One of the more significant examples of dramatic irony--a contradiction between what a character thinks and what the reader or audience knows to be true--is Amanda's remark to Tom in their final dialogue:
"Go, then! Then go to the moon--you selfish dreamer!"
Of course, the irony here is that in many respects, Amanda is both selfish and a dreamer herself. For all her concern about Laura and Tom, at the heart of this concern is Amanda's desire to secure her future. If, for instance, Laura marries a gentleman caller, then Amanda can be taken care of in her old age. Likewise, if Tom continues to support the family and not abandon them as his father has, Amanda will also be safe. She is not concerned about Tom's artistic desires; she simply wants him to serve his sister and her.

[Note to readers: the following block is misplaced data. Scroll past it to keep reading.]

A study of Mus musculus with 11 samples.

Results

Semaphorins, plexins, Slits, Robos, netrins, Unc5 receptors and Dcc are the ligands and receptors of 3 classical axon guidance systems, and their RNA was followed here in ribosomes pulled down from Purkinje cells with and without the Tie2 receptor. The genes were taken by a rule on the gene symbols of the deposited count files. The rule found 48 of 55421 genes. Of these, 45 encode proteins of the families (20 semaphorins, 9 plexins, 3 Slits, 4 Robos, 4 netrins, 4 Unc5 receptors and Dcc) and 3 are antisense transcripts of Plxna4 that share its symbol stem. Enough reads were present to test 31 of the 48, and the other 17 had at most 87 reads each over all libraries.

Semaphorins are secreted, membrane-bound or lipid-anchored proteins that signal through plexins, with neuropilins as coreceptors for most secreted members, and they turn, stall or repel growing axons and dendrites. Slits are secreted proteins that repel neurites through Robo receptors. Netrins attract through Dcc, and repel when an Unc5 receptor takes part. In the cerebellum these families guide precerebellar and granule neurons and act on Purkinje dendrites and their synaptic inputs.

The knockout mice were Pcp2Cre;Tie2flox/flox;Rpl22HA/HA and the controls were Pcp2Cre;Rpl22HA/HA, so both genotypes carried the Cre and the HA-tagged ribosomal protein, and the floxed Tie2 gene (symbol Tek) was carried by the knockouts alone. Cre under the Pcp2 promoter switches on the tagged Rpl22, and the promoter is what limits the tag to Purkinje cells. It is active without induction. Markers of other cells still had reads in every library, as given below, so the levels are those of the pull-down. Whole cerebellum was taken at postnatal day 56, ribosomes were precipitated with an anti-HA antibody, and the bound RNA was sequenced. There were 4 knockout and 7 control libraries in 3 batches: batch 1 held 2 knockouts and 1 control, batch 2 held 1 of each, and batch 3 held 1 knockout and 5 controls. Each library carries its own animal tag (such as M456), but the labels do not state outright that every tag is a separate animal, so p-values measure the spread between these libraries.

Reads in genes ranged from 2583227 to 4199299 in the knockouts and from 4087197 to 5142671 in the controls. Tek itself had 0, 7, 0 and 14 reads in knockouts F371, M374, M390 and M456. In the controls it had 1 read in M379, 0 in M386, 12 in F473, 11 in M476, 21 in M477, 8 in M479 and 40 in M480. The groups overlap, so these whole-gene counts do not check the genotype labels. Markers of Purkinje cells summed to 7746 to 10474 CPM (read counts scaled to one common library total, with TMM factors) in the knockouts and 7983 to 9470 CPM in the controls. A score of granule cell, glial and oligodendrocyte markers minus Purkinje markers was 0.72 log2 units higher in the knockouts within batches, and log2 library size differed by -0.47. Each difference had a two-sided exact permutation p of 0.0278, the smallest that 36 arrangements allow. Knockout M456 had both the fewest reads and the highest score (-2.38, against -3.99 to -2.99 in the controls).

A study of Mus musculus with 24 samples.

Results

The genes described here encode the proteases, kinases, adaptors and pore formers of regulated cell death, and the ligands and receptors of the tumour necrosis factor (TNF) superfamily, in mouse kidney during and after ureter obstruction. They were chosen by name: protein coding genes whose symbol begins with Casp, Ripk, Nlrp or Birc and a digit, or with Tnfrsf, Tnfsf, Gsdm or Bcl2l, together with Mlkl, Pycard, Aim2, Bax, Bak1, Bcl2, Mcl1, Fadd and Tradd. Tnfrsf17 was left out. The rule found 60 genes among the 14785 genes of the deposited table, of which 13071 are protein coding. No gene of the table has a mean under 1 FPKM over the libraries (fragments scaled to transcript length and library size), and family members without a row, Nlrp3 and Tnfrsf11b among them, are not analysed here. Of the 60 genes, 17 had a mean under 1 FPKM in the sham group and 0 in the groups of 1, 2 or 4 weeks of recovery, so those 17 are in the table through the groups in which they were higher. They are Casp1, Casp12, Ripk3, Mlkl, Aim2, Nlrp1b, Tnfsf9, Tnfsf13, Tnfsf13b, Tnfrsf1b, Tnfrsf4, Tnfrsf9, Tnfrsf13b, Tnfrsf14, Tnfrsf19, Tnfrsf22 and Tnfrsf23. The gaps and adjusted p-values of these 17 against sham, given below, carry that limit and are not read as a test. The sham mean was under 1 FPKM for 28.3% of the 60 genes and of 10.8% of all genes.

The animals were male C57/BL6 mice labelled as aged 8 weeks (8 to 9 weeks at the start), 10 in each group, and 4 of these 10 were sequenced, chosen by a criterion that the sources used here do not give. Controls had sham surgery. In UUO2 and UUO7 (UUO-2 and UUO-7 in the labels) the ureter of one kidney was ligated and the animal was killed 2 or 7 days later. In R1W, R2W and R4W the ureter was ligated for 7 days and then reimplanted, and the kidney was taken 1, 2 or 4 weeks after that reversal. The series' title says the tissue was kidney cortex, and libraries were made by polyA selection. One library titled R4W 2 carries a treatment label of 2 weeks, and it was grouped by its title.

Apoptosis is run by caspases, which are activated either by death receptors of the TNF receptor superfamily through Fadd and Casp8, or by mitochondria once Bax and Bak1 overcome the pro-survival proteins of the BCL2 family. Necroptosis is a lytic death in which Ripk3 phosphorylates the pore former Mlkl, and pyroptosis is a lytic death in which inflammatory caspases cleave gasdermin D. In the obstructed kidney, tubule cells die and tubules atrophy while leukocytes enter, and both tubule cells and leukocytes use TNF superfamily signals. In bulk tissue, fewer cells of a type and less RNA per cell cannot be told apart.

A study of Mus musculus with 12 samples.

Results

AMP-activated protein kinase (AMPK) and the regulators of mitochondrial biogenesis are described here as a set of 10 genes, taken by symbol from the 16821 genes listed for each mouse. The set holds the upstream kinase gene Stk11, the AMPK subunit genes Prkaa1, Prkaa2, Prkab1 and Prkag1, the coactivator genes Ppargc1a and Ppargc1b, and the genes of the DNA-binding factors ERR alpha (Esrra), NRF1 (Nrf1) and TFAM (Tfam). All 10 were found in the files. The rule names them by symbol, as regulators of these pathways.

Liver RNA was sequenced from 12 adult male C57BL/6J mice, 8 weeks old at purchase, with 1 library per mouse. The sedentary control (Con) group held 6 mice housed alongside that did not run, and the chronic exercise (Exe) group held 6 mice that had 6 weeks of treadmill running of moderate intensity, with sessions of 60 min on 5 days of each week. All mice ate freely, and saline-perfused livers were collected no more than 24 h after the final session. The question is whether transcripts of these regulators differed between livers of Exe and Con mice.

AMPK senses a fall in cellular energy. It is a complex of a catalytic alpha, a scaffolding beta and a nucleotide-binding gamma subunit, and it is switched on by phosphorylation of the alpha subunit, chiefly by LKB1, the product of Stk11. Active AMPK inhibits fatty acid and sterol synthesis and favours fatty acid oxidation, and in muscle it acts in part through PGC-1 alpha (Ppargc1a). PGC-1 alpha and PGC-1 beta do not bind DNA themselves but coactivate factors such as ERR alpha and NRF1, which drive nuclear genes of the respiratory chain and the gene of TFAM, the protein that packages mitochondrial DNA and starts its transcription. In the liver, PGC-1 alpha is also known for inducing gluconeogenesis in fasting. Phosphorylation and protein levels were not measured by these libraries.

That she is a dreamer is clearly evinced in Scene 6 when Amanda attends Laura's dressing as thoug it her wedding dress that she ceremoniously alters for her daughter. The significance that she places upon this visit from one of Tom's friends is also unrealistic. For example, she interrogates Tom about Jim O'Connor, wanting to know his name, what he looks like, what his salary is, if he drinks, if he has character, etc. Then, when Jim arrives, Amanda greets him in the voice of a Southern belle, sweeping Jim away with her "gay laughter and chatter." Besides, she is dressed as in her youth, shocking Tom at her appearance. And, yet she tells Laura in at one point in the scene,
"Fantastic whim and behavior. Preposterous goings on!"